Critically critiquing the critics


Is a critic “right” or “wrong?” That’s like asking if a cup of coffee is strong enough. Depends on how you like it.

Lest we forget, everyone, be they critic or moviegoer, fan or hater, is entitled to their opinion.

But a professional critic employed by a major publication, network, radio or TV station or a major entertainment website will tend to break down a detailed assessment of the work based on a number of factors; not least of which is the direction, writing, story structure, editing, soundtrack, etc.

A true professional knows how to leave their personal preferences at the door.

With the studios and fans alike, film critics are always dancing on the razor thin edge between being loved or being loathed.  If you personally agree with a critic’s high praise of one of your favorite films, he’s a genius! If you disagree, he is an idiot!


On the other hand, if a critic likes the movie, guess who’s one-word review and name is going to be splashed all over the advertising? Dirty little secret … there are a few film critics who are well known throughout their peers as someone who has sold out. They will always give a positive spin and a high five to any film with the hopes of seeing their names on the Blu-ray box or newspaper ads.

And here’s something that should come as no surprise. We are all constantly surrounded by film reviewers. Your Aunt Sally, your brother-in-law, the dude in the cubicle across from yours, they all have an opinion about the movies they have seen. So do you. Welcome to the club.old3d

These reviews shared among your peers are usually based solely on their perception of the film. Simply put, did they like it or did they hate it? Thumbs up or thumbs down?

A professional who critiques films is often starting a conversation. The person who says any movie is the “Best superhero movie ever and if you don’t think so, you’re not a real fan,” is just looking to end the conversation before it begins.

And this is where the difference between a professional critic and a blogging movie fan is most perceptible. Hundreds of people make their own websites and write reviews of films and share their impressions with the everyone on the Internets, and yes, many of these people make compelling, legitimate observations. However, just as many put the “fan” back in fanatic and look at a movie like Batman v Superman as the Second Coming just because there’s a buff dude with an \S/ on his chest and there’s a big BSU (Blow Shit Up) Factor.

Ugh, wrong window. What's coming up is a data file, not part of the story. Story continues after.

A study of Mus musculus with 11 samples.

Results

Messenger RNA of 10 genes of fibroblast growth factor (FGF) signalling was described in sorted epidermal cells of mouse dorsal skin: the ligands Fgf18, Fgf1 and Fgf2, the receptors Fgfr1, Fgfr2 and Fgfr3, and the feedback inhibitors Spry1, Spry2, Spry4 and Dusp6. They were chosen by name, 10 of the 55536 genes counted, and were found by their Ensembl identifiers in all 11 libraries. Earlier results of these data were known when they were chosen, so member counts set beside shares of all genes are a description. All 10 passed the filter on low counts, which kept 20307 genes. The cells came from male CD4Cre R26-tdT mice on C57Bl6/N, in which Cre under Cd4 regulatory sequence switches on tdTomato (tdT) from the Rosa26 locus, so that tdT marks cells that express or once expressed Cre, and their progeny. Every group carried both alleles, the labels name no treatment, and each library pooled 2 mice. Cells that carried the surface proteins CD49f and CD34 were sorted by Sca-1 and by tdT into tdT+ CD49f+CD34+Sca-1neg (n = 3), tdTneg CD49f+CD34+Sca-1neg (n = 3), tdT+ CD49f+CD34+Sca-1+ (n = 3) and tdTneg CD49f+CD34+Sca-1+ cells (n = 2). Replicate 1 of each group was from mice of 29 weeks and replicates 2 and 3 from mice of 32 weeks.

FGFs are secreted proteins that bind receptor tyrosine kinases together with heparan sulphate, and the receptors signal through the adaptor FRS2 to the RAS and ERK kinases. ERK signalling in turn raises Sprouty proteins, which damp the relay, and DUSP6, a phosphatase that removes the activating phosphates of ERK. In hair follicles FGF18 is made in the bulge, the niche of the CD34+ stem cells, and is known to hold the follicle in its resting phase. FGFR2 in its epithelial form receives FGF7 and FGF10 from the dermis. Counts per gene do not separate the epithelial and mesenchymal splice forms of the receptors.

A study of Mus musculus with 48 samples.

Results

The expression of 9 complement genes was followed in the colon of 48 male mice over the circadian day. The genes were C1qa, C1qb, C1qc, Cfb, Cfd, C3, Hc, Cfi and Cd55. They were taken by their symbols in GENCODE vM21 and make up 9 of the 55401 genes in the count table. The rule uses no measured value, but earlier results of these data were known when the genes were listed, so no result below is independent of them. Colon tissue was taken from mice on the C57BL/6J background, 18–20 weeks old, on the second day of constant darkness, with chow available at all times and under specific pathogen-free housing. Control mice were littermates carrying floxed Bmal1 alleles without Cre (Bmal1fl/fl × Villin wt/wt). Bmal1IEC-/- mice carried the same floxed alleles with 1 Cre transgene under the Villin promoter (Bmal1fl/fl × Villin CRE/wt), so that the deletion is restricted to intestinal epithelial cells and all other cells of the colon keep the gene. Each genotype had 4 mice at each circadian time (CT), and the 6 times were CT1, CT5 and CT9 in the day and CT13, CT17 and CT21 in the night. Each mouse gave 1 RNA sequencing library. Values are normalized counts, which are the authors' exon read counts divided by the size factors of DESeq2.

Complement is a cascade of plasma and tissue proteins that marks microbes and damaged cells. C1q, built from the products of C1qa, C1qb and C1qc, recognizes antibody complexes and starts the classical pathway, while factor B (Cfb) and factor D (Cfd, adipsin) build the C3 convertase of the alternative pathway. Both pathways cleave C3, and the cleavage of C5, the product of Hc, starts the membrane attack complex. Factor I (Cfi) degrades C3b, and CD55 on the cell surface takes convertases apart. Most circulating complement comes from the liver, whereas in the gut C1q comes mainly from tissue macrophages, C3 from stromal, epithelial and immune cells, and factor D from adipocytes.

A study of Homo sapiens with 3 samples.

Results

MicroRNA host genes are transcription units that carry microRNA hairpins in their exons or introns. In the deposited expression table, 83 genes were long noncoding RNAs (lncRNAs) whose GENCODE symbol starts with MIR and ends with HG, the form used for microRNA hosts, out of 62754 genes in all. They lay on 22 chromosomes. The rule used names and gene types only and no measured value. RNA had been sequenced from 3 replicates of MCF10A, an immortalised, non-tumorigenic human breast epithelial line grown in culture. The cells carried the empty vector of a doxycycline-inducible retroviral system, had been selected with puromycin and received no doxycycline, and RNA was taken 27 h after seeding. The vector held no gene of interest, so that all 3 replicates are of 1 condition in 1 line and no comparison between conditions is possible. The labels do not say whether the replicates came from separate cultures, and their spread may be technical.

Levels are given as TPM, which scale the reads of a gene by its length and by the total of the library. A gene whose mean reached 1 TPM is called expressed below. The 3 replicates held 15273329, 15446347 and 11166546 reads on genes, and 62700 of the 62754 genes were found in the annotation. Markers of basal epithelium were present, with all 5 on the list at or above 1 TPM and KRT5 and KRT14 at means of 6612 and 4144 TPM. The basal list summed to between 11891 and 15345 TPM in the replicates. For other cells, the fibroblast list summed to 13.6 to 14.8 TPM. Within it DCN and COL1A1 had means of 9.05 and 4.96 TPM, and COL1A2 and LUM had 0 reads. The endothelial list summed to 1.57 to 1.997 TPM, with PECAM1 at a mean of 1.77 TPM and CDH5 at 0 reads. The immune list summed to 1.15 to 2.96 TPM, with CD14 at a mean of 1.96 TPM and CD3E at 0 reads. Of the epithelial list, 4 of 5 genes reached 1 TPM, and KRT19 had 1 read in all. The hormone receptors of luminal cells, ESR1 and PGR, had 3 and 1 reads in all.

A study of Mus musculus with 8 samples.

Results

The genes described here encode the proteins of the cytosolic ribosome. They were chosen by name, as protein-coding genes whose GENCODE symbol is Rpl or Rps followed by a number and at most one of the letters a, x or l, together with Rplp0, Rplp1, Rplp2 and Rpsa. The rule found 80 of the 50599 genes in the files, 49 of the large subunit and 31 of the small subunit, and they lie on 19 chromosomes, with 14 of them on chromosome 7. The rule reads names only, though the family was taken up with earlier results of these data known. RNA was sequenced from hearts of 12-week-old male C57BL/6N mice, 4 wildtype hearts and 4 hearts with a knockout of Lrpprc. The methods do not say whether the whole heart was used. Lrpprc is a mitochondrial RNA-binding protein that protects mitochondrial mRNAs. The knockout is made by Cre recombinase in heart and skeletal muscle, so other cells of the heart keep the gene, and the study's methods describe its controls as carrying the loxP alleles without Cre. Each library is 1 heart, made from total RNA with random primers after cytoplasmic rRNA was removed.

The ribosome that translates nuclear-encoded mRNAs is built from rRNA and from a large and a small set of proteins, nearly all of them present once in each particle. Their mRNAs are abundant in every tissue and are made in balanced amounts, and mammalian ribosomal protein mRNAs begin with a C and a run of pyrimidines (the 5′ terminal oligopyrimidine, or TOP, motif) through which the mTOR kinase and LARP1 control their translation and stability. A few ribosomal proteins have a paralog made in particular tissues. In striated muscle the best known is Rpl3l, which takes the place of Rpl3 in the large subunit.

Sadly, many of these people don’t offer up the same courtesy. Many of these “fans” will spend untold hours explaining why they are right … and you are wrong … that you are not a true believer, that you’re a fool for not believing what they see.


And despite what you read on Facebook, a professional critic holds no grudges, doesn’t unfairly target a film or an actor or a studio. To do so would be career suicide. They’d stop getting invited to screenings and junkets and lose the access that elevates them above your Aunt Sally.

The critic doesn’t write their review until they’ve seen the film. The fan, on the other hand, has already decided they’re going to see the movie 10 times and plead with the other true fans to join them multiple times just to prove the critics wrong.


The critic doesn’t lambaste an actor, nor bow on bended knee, until they see the final film. Conversely, the fan knows Ben Affleck is going to suck and destroy the film … that is, until they see the film and proclaim him the Best Batman Ever!


An actor like Ben Affleck is there because of his marquee status. Not to say he isn’t talented, but in the hands of everyone behind the camera, he is a lump of clay to be molded by the filmmakers into their version of Batman and Bruce Wayne.

Now, after all is said and done, a film critic’s review should be used as a tool, along with the trailers and interviews and social media, and your friend’s opinions. Is the movie good or bad? Ultimately, it’s your decision … and your Aunt Sally’s.


Steven Kirk has enjoyed a long history in the performing arts (film, television, theater, commercials, music video, voice over & celebrity look-a-like).He is also an award-winning actor, producer and director in the theatre and has had a long and varied career on the air as an announcer for radio stations in New York and California.